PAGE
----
Prince Harry’s Namesake, the Duke of Sussex
The first Duke of Sussex championed the rights of the underdogs and downtrodden in Britain and beyond, including the Jews.
When Prince Harry and Meghan Markle wed, they received new names; Queen Elizabeth II bestowed the titles of Duke and Duchess of Sussex on the royal pair. Harry is the first Duke of Sussex since 1843, when Augustus Frederick, the first Duke of Sussex, died. Though he’s little known today, the former Duke of Sussex was incredibly brave: an aristocrat who did away with royal traditions and championed the rights of Britain’s minorities. He was also a warm friend to Britain’s Jews.
Born in 1773, Augustus Frederick was the ninth child of Britain’s King George III and his sixth son. That meant that legally, he was required to gain his father’s approval to marry, something that is still required for everyone in line for the British throne until the sixth heir. Instead of asking the king, Augustus Frederick rebelled, traveling to Rome to marry Lady Augusta Murray there in 1793, when he was 20. King George refused to give consent and the marriage was never recognized.
Prince Augustus Frederick, the Duke of Sussex
When the pair annulled their marriage in 1801, it seems King George III wanted to reward Augustus Frederick and granted him the title Duke of Sussex. If George hoped to keep his son in line, however, he was bound to be sorely disappointed.
Augustus Frederick, now the Duke of Sussex, became a radical, championing the rights of the underdogs and downtrodden in Britain and beyond. He fought to abolish the slave trade and championed rights for Britain’s Catholics. And one of his greatest causes was pushing for greater rights for Britain’s Jews.
Jews faced numerous restrictions in mid-19th Century England, including bans on serving in Parliament. The first Jew elected to Britain’s Parliament was Lionel Nathan de Rothschild, a prominent Jewish philanthropist, banker and politician. At a time when Jews faced intense suspicion and weren’t widely accepted by the upper echelons of British Society, the Duke of Sussex became friends with Lionel Nathan de Rothschild, and was a staunch supporter in the face of prejudice and anti-Semitism.
Rothschild was elected to parliament in 1847 but was not allowed to take his seat unless he’d remove his hat and swear a Christian oath. He refused, and his seat sat empty for over a decade, despite the fact that Rothschild was re-elected four times. The Duke of Sussex and some other liberal-minded British figures urged the government to amend the rules, to no avail. Finally, after over a decade of lobbying the Jewish Relief Act of 1858 allowed Jews to sit in Parliament without taking a Christian oath.
Duke Augustus Frederick also befriended another Jew living in London, the Italian-born Moses Montefiore. For a nobleman of the Duke’s social position, it was a surprising friendship.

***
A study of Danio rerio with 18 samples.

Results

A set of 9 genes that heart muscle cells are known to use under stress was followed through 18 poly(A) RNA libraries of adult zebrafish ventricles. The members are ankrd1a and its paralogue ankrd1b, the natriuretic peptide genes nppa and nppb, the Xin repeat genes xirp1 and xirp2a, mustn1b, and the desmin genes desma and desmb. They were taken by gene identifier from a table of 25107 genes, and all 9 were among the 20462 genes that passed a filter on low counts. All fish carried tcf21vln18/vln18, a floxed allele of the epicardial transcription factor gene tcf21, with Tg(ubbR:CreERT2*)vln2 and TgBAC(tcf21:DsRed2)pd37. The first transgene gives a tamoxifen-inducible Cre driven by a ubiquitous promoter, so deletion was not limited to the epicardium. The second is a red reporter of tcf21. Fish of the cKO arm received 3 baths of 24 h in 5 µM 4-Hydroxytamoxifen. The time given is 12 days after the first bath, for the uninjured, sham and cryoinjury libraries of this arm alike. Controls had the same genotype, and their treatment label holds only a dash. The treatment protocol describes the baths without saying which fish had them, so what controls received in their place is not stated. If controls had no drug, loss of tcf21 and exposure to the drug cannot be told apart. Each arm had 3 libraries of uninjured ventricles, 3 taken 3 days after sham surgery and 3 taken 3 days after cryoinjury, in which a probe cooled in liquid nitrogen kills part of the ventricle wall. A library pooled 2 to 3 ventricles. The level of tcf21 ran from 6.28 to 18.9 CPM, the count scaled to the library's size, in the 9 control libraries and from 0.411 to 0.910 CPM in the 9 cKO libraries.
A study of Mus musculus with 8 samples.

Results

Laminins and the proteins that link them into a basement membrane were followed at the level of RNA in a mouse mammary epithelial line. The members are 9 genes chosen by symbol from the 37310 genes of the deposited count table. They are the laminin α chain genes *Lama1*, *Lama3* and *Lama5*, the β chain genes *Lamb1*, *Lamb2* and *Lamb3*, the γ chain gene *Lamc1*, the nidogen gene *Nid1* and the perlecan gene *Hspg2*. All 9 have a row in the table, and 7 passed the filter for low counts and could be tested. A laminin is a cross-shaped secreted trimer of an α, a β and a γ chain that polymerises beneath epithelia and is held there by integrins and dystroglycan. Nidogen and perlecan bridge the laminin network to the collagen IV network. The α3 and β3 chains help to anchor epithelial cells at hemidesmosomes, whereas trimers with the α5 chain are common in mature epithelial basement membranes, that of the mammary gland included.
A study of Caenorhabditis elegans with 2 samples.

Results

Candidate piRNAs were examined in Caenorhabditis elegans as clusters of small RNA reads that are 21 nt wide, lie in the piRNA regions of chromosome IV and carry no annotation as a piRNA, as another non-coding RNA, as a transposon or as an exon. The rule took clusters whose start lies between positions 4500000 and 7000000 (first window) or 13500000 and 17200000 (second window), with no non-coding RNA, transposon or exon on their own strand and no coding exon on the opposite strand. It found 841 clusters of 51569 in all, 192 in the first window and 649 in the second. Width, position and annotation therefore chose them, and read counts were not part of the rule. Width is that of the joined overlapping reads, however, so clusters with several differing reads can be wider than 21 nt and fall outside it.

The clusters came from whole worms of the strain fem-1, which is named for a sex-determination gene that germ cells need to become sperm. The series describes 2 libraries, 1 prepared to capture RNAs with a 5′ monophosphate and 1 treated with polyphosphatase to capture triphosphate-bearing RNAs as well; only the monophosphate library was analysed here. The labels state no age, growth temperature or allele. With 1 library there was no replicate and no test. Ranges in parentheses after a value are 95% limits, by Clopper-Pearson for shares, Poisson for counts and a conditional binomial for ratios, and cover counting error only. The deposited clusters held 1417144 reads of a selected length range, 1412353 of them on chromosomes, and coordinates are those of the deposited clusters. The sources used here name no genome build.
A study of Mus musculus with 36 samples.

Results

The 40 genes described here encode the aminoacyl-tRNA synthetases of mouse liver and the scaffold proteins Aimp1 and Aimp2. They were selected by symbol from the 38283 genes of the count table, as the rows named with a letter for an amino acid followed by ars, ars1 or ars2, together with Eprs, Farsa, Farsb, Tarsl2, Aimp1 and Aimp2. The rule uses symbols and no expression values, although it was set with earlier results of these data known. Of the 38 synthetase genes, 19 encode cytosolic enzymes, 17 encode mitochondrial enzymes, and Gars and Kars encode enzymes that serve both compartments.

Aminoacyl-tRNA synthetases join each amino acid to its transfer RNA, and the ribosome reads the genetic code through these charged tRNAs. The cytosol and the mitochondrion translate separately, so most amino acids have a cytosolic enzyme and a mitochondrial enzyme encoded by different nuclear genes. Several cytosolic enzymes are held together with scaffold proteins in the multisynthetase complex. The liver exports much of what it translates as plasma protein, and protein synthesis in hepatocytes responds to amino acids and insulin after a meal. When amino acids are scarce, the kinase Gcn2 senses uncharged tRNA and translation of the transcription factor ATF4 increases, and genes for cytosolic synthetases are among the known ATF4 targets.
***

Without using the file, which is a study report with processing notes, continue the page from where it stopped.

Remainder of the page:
Originally apprenticed to a company that sold tea and groceries, Moses Montefiore eventually rose to become one of 12 “Jew brokers” working in the City of London. After amassing a fortune, he retired in 1824, became Orthodox, and devoted himself entirely to charitable giving. He supported Jews in pre-state Israel, visiting seven times, and travelled to Russia, Morocco and Romania to plead with the rulers in those nations to ease their intense persecution of their countries’ Jews. With his Italian accent and the head covering he always wore, Montefiore must have looked eccentric in Britain. When he travelled, Montefiore would bring a shochet, or ritual slaughterer, with him to prepare kosher food, and he built a synagogue on the grounds of his country house.
Queen Victoria gave Montefiore an aristocratic title in 1846 in recognition of his work on behalf of the Jews. At the time, despite Montefiore’s eccentric-seeming lifestyle and appearances, the Duke of Sussex was delighted, telling friends that Montefiore’s recognition was “one of the things I have worked for all my life”.
The Duke’s ties with British Jews went beyond the eyebrow-raising fact that he associated with and was friends with Jews. He supported the Jews Hospital in the East End of London, which served Jews who arrived in Britain from Europe and who were often desperately poor. These refugees were poor, foreign, often with a feeble command of the English language. To assist them was virtually unthinkable for a British nobleman, yet Duke Augustus Frederick eagerly embraced this cause, becoming a patron of the Jews’ Hospital and Orphan Asylum in 1815. (The charity continues to serve Britain’s Jews. Renamed Norwood, today it provides residential and day programs for vulnerable members of the Jewish community.)
The Duke of Sussex seems to have been at home with Jews, perhaps enjoying a measure of close friendship and acceptance that he never received from his own royal family. He collected an extensive library, including 51 books in Hebrew. His most impressive volume was a 14th Century Hebrew Bible, which was sold to the British Museum after his death. Contemporaries noted that the Duke owned a black kippah which he would don in Jewish environments and whenever he spent time with his dear friend Moses Montefiore.
Unsurprisingly, Duke Augustus Frederick’s embrace of Jewish community and his championing of other liberal causes didn’t go down well with his peers, and he became estranged from much of his royal family. When he married for a second time, wedding Lady Cecilia Underwood in 1831, his family snubbed him once again, refusing to accept Cecilia as a royal. The First Duke of Sussex passed away in 1843, beloved by Britain’s burgeoning Jewish community.
As Harry and Meghan, the new Duke and Duchess of Sussex, settle into their role, let’s hope they’re guided by the example of Duke Augustus Frederick, who wasn’t afraid of going against tradition and protocol and embraced and defended the beleaguered Jewish community of his time.